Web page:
On 4/10/2014 7:37 PM, Joe Btfsplk wrote:
On 4/10/2014 3:44 PM, Christopher J. Walters wrote:
Should Tor / TorBrowser be patched for heartbleed bug?
Apparently so:
"Tor Browser users should upgrade as soon as possible to the new 3.5.4 release
<https://blog.torproject.org/blog/tor-browser-354-released>, which includes
OpenSSL 1.0.1g, fixing the vulnerability. "The browser itself does not use
OpenSSL...however, this release is still considered an important security
update, because it is theoretically possible to extract sensitive information
from the Tor client sub-process", wrote Mike Perry."

'and to do so without leaving a trace that said information was extracted and by whom.', he should have added.

"From what I have read, the bug is a server side bug, and does not pose much
risk to regular users..."
...may *BE* compromised (future tense).  Isn't that enough of a risk?
Too much more risk & they might have to shut down the internet?

Yes, it is a significant risk, and as I understand it, there is no way to detect whether or not any given vulnerable server had information stolen by this bug. There are a great many unknowns with this bug, and that makes me uncomfortable. However, shutting down the Internet is a little extreme, don't you think? Kind of like burning down your house because you think someone *MAY* have broken in without you knowledge.

To clarify: Most regular (esp. non-TOR) users are not at *direct* risk from the bug (you'd basically have to be running a server configuration, with the vulnerability, as I understand it). Also, Firefox is immune from *direct* attack since it uses NSS rather than OpenSSL for secure connections. *Indirect* risk is a whole other story - there simply is not enough information, and probably never will be, to assess the scope of that.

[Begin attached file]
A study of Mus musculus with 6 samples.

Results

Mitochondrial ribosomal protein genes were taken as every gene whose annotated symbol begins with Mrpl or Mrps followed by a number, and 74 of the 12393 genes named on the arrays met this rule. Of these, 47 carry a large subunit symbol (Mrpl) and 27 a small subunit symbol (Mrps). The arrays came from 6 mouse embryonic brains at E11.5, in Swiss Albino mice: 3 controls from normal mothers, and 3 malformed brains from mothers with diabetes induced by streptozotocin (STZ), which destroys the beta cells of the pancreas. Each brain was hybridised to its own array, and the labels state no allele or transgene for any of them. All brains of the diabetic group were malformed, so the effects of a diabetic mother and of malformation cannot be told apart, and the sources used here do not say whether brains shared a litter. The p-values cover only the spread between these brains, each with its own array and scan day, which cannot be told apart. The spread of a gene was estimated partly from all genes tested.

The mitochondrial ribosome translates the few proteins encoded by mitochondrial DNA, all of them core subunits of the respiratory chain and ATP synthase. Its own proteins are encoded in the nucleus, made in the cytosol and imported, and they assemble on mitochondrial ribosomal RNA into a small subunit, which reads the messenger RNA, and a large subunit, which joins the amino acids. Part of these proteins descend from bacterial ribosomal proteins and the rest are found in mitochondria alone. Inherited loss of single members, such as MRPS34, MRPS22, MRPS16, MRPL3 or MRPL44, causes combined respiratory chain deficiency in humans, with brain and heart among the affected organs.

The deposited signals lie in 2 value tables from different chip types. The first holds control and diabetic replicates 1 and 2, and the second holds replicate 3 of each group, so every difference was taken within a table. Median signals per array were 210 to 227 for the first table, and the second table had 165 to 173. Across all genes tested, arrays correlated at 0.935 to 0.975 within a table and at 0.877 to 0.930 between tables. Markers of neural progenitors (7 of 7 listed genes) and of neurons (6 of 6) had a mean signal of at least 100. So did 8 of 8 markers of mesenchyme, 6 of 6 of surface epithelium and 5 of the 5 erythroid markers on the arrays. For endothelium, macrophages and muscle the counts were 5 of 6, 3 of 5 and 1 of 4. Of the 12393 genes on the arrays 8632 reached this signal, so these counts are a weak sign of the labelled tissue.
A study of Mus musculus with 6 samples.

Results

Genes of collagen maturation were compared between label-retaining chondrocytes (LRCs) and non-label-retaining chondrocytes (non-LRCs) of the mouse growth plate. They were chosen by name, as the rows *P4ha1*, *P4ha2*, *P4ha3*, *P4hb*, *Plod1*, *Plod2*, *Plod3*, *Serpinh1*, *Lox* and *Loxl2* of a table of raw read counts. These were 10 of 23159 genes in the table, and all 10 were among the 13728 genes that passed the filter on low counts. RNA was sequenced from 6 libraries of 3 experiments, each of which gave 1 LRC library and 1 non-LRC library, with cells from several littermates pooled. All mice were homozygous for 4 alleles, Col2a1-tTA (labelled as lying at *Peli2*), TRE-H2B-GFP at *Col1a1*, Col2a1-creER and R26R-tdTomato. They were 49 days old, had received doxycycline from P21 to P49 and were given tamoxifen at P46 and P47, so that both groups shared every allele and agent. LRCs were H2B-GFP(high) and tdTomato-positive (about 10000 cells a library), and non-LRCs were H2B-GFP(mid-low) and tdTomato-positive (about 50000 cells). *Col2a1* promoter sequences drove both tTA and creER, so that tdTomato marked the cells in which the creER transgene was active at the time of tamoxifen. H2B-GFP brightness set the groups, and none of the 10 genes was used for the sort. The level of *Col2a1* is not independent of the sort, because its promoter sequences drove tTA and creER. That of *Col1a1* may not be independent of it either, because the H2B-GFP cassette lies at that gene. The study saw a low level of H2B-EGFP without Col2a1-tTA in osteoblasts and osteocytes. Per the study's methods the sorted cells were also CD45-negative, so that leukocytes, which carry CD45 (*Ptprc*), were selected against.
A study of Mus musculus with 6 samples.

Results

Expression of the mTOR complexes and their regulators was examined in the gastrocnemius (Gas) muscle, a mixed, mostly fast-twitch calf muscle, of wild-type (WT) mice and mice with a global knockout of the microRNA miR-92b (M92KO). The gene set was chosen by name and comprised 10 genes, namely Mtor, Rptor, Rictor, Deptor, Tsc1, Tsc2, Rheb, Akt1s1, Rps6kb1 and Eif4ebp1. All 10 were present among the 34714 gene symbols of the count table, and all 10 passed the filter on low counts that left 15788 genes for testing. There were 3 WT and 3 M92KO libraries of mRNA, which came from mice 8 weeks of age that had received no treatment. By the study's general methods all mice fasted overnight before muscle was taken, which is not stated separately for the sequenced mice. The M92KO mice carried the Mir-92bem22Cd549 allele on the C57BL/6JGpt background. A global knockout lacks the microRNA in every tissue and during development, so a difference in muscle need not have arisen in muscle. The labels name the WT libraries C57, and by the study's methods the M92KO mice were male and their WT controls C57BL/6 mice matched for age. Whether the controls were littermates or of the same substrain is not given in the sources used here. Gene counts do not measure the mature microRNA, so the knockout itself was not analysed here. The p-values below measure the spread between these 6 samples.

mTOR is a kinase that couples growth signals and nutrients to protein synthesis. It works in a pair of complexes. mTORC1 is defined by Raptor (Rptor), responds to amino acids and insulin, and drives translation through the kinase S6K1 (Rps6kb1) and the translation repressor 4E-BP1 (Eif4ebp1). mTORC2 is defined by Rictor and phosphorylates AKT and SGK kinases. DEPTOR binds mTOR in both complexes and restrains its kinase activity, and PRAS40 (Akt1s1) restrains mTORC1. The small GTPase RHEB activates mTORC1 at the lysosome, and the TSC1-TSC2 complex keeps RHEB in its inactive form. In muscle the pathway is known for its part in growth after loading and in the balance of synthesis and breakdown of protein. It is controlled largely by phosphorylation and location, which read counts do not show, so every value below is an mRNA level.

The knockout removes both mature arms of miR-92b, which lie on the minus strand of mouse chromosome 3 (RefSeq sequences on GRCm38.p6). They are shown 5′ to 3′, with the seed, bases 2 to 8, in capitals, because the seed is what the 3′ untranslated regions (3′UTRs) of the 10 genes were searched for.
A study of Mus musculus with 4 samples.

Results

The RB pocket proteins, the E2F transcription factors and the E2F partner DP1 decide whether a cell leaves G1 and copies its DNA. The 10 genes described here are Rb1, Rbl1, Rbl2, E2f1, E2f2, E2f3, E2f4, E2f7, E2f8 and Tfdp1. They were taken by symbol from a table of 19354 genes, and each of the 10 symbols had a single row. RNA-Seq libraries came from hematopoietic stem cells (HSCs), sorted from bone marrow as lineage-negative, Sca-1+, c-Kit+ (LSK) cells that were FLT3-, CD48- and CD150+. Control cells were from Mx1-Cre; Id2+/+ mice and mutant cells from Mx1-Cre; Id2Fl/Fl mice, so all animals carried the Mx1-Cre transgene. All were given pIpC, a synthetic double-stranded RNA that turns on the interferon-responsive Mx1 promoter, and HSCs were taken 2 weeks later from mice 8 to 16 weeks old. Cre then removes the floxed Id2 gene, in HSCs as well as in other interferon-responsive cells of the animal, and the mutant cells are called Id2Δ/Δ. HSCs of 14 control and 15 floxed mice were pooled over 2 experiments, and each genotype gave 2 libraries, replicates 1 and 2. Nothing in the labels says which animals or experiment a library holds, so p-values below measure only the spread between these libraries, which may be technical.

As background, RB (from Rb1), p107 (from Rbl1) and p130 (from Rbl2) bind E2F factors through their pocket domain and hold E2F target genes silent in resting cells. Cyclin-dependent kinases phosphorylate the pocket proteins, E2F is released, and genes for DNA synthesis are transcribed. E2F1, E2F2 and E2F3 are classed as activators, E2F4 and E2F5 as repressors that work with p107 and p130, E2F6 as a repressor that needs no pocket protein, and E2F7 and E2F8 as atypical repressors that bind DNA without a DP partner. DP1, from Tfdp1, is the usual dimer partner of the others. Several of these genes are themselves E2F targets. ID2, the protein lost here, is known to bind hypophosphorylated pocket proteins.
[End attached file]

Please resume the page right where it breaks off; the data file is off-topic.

I don't quite get comments from some.  Even if it came to light that everyone
but the NSA knew about this bug for yrs, does that negate the need to patch it

It absolutely should be patched now. As far as who knew about it an when, that is another unknown. I'd think it a safe bet that the NSA (and other intelligence agencies, here and abroad) found out about it before the official release of the CVE. As for the baddies (identity thieves, etc.), who can say for certain, besides them (and we know they won't).

What concerns me about the NSA is not so much *when* they knew about it, but that they *do* know about it, given recent revelations about the scope and nature of their surveillance programs.